Officer Lou Hernandez is surprised when he's asked to help Gideon Monahan catch an art forger. He's not too happy, though, when he meets the man he'll be working with. Lou thinks Rory Kinley is a supercilious pain in the ass. Rory, on the other hand, sees no reason why Lou has been brought into this. After all, he's just a cop, albeit one who is good at going undercover.
The art forger they're after--Nate Hanks--cons collectors, saying he has an undiscovered painting by a famous artist. He's killed one of his marks already to keep from being caught.
Lou and Rory will have to set aside their differences as they set up a sting to stop Hanks. When they do, they discover they may not be as incompatible as they thought. The question becomes, will their growing feelings survive what's to come--or be destroyed in the process?
"I'll have another, Jack," Lou told the bartender at his favorite local watering hole, tapping his empty beer bottle.
"You got it," Jack replied, adding, "I thought two was your limit."
"Usually, but tonight I'm breaking my rule."
"I'll pay for it," a man said, taking the empty stool beside Lou, "and one for me as well."
Lou turned to see who was offering to buy his drink.
The man, who had dark blond hair and looked in his mid-forties, smiled. "We haven't officially met, Mr Hernandez, but I was at the trials for both of the men involved in the death of John Pierce. My name is Gideon Monahan."
Lou cocked his head. "That rings a bell. I think Quint Hawk mentioned you at one point. You have something to do with recovering stolen art."
"I do...privately. I'm not connected with the FBI or any other law enforcement agency." Gideon took a drink when the bartender set it down in front of him.
"So you tracked me down to congratulate me on helping to put them behind bars?"
"Yes. I don't like it when one of my operatives is murdered. However, that's not the reason I'm here. I'm impressed by the job you did to trap them. You seem to be good at undercover work, the same way John was."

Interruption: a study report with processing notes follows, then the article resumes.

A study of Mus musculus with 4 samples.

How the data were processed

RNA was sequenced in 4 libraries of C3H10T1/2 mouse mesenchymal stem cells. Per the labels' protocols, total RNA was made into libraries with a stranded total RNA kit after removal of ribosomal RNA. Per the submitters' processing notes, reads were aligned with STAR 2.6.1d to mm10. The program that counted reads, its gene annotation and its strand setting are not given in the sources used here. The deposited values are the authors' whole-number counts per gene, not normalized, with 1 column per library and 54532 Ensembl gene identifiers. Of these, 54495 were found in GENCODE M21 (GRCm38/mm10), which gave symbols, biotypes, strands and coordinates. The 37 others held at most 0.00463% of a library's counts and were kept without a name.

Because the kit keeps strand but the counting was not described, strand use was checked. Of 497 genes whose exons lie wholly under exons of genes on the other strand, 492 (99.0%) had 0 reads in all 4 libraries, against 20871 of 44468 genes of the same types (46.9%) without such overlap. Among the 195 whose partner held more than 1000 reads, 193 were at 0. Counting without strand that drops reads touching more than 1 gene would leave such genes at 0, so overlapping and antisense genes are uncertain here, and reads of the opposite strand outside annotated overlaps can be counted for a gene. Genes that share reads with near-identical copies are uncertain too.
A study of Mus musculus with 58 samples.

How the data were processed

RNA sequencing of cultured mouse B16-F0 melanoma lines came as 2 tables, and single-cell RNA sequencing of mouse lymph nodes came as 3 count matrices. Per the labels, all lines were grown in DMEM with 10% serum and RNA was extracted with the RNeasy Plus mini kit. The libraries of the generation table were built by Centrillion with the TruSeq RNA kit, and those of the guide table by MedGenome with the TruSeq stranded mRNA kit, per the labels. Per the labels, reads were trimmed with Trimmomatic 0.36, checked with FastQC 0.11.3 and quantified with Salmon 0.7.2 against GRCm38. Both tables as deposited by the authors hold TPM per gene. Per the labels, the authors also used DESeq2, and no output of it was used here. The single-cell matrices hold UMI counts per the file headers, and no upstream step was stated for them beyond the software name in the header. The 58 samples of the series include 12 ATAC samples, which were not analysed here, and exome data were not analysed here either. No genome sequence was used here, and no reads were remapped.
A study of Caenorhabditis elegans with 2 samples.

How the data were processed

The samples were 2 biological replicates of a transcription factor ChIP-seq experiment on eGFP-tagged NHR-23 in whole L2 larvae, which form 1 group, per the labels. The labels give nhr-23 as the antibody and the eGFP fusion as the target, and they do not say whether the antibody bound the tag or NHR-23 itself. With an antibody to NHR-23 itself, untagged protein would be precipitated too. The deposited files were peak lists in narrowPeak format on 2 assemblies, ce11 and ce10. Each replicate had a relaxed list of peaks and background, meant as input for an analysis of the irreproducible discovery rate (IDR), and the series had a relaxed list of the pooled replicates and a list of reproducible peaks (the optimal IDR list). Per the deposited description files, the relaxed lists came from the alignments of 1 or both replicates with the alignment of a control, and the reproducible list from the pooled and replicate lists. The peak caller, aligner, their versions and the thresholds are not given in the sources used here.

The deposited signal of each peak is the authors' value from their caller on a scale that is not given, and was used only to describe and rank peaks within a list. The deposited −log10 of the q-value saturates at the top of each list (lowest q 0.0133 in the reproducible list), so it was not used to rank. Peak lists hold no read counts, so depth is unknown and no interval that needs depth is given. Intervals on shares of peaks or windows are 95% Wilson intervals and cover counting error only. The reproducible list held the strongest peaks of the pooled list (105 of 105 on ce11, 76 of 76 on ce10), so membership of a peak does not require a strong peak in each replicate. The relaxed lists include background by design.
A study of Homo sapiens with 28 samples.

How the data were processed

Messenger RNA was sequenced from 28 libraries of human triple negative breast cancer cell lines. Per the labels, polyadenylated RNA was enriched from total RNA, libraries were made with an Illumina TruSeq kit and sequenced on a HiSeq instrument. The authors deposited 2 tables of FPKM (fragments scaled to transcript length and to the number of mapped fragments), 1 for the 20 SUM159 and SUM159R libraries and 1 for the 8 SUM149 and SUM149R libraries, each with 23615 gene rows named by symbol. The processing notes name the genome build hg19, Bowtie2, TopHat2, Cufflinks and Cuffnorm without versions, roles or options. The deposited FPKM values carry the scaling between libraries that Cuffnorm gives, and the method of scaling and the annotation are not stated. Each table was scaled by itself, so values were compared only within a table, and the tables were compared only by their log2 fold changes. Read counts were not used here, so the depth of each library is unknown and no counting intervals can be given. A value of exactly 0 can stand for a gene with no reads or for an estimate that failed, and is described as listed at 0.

Lou shrugged. "I have my moments."
"I hope they're often, because I have a proposition for you."
"You're propositioning me?" Lou said, straight-faced. "Does that mean I'm going to get lucky tonight?"
"I don't swing that way," Gideon huffed in reply. Then he chuckled. "I know... Well, I hope you weren't serious."
"Nope." Not sure I like his reaction, but...might as well hear him out. "So, back to what you said. I'm good at what I do. I'd better be. I am a cop."
"An excellent one, from what I've heard. I could use a man like you."
"Sorry. Not interested. I'm a police officer for a reason. I like my job. With luck, I'll make detective soon."
"So Lieutenant Harber told me when I talked with him this afternoon."
"About me?" Lou raised one dark eyebrow in question.
Gideon nodded, turning to put his back to a man who had just sat down on the stool next to him. "Why don't we find a table where we can talk without being overheard?" he suggested quietly.
With a shrug, Lou picked up his fresh beer, following Gideon to a table in the back corner of the bar. When they were seated, he said, "I've already told you I'm not interested in leaving my present job."
"That wouldn't be a problem, as far as I'm concerned. As I said, I talked with your lieutenant. He's willing to loan you out to me--"
"Just a damned second," Lou said tightly. "I'm not a...a thing to be passed around at your--or the lieutenant's--whim."
Gideon nodded in agreement. "I phrased that wrong. Let me preface this by telling you that one of the men you helped bring to justice was a small fry compared to the guy I'm after now."
Lou tried not to show any interest in what Gideon was saying, only asking, "How so?"
"What do you know about art forgery?"